Forty-six-year-old Fátima Torres is an organic farmer at Quinta Seis Marias. This year, she is celebrating its 10th anniversary with her four employees and one trainee; the farm stands on six hectares of land in Sargaçal near Lagos. ECO123 visited her and interviewed her there.

After studying business administration, you should really be managing a company in Lisbon. But you became a tax adviser and then a farmer. Why?

When my father died, I took over the conventional farm and converted it to organic farming. I put my heart and soul into running it and I can’t count the hours that I work here, generally from six in the morning to midnight. Our Quinta das Seis Marias is and will remain a family business.

What are you cultivating at present?

Many nice vegetables, salads, fruit. There are now 80 different products. Every basket contains at least ten different vegetables and fruits, both in winter and summer. Ten kilos of different things for 15 euros, or six kilos for 10 euros.

How are your sales distributed? 

The baskets for the direct clients account for about five percent of my sales, direct sales in the farm shop for about ten percent. The organic shops from Lagos to Loulé account for 20 percent, and I sell about another 20 percent at the market in Lagos. Then there are organic shops in Lisbon and the north; I supply directly once a week.

But that must make your ecological footprint several times bigger.

I sell 70 to 80 percent of my agricultural produce in the Algarve. Every time I deliver to the north – our family originally comes from Aveiro – I bring products back to the south from there, for example sweet potatoes, or something that we are not growing in that season in the Algarve. This week, there is a shortage of chickpeas and beans in the Algarve; instead we have tomatoes and paprika. In the early summer, we are still harvesting strawberries, peas, oranges and lemons every day, as well as cucumbers, onions, garlic, cherry tomatoes, radishes, leeks, cauliflower, rocket, different types of lettuce, avocados and potatoes. The loquats are already finished, next there will be apricots and peaches, and then grapes and figs. Mid-summer is the time for tomatoes, peppers and summer vegetables. At the end of the summer, we have pumpkins again, and through the winter more cabbage and broccoli. I try to keep the footprint as small as possible, but transport requires a lot of energy, and money too.

Although 8.1% of Portugal’s farmland* is used for ecological farming, it could be better. How could this be done?

I am looking for skilled, trained staff and cannot find them. We have additional staff maybe twice a week for four hours each day, and they do weeding and help with the harvest. In return, they each take a basket full of produce home with them. But they don’t want to be employed. What I find unjust is that large-scale conventional farms receive all the subsidies and we small organic farms get nothing. In the ten years we have been running, I haven’t received a single subsidy, and I fight every day to harvest good, healthy produce and to get it quickly to the consumer. What we keep having problems with is the perfect organisation of harvesting, washing, packing and punctual delivery. Because it is very important, for example, that the lettuces reach the client on the same day that they were harvested in the morning. The clients’ consumption patterns are also difficult. For example, in the spring I have to buy apples from Italy or South Africa. Clients demand apples although the harvest, as everyone knows, is in the autumn. It’s completely mad. You should only buy what comes out of the ground each season.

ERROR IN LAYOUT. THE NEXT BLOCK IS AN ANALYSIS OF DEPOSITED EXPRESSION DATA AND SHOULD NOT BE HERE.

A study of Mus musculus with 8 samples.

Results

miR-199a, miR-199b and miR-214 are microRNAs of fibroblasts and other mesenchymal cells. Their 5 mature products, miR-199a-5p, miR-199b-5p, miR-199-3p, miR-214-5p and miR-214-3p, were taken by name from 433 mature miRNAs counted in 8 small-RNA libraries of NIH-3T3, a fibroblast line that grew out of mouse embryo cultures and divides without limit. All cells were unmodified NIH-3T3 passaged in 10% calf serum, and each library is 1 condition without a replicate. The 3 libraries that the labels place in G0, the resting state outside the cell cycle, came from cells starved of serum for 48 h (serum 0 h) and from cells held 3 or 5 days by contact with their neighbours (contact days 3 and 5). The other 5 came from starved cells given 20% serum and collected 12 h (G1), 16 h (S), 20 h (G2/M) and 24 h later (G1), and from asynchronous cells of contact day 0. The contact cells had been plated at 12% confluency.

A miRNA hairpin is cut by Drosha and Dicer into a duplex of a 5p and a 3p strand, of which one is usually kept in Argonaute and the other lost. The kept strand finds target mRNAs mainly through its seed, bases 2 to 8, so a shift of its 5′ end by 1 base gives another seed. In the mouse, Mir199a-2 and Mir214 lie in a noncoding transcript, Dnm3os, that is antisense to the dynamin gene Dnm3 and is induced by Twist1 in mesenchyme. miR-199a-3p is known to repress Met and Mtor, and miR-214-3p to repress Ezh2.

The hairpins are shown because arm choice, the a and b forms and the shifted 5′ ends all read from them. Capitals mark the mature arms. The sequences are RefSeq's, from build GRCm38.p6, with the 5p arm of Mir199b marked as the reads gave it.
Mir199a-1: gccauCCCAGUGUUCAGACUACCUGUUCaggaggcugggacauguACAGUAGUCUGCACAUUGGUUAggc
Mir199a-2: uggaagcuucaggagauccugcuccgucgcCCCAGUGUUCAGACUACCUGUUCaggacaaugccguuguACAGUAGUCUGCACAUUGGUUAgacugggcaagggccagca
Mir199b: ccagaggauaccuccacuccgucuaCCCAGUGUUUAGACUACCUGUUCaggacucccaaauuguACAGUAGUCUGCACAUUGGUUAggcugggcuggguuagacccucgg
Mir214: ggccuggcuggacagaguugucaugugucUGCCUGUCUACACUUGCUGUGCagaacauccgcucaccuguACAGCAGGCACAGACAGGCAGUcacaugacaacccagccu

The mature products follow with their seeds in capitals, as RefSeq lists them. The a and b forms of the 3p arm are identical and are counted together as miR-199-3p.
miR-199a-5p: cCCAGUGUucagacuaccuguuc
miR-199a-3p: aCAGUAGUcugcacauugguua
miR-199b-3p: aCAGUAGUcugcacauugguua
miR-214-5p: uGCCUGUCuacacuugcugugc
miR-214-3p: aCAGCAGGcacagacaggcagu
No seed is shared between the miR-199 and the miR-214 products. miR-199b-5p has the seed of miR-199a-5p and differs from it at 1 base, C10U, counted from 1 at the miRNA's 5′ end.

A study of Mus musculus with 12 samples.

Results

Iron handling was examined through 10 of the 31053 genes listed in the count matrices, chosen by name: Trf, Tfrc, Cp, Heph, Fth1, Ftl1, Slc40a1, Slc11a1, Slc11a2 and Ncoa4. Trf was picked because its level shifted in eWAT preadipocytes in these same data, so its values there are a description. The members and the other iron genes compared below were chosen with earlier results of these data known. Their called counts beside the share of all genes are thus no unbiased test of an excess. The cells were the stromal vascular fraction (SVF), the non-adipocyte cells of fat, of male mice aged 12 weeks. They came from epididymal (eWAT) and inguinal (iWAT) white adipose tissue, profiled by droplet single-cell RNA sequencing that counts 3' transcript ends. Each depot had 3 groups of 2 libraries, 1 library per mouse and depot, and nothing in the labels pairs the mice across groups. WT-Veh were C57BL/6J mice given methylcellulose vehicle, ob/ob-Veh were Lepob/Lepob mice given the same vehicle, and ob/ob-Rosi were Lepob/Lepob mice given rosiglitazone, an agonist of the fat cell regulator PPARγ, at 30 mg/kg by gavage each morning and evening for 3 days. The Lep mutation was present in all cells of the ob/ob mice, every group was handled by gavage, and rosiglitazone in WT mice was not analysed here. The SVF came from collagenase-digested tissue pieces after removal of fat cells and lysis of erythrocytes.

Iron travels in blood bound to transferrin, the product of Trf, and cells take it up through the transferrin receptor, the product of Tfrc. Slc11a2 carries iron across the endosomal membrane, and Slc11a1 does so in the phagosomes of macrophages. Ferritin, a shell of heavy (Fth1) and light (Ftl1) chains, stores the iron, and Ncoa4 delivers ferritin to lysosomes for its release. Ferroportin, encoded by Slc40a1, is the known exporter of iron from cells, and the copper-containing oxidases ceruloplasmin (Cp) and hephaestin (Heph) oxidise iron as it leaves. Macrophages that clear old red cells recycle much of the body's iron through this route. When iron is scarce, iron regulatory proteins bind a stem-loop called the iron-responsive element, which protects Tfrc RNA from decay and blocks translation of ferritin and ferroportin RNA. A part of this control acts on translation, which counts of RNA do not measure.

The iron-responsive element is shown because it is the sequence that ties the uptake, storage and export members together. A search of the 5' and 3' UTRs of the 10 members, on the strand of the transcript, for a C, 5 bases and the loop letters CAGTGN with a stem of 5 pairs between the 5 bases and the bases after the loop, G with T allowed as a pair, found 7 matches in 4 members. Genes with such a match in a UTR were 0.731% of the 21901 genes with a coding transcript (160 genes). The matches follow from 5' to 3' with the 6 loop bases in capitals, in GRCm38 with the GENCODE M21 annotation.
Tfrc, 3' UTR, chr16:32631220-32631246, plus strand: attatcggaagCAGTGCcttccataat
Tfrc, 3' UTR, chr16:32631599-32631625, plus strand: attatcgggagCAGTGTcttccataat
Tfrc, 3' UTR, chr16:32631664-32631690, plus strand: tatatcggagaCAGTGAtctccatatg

You’re not allowed to use pesticides etc. What do you use instead?

Only in extreme cases, neem oil and copper sulphate. But generally I use nothing as the plants and herbs I grow are selected and arranged in such a way that they complement and harmonise with each other.

If you wanted to give a young person who would like to become a farmer a tip to help them on their way, what would it be?

To study business alongside agriculture and then, on the one hand, to think very carefully about what the consumer needs. The products have to be sold, otherwise they’re thrown away. Here in the Algarve, there are no peaches for example, or the traditional sorts of apple, and there is also a shortage of the craft of processing our traditional produce such as figs, olives, carob and others. On the other hand, we must also preserve the variety of seeds and products that nature gives us.

Many thanks for talking to us.

*In 2013, exactly 271,532 hectares of land were used for ecological farming in Portugal. That is twice the area that is used for organic farming in the whole of Russia.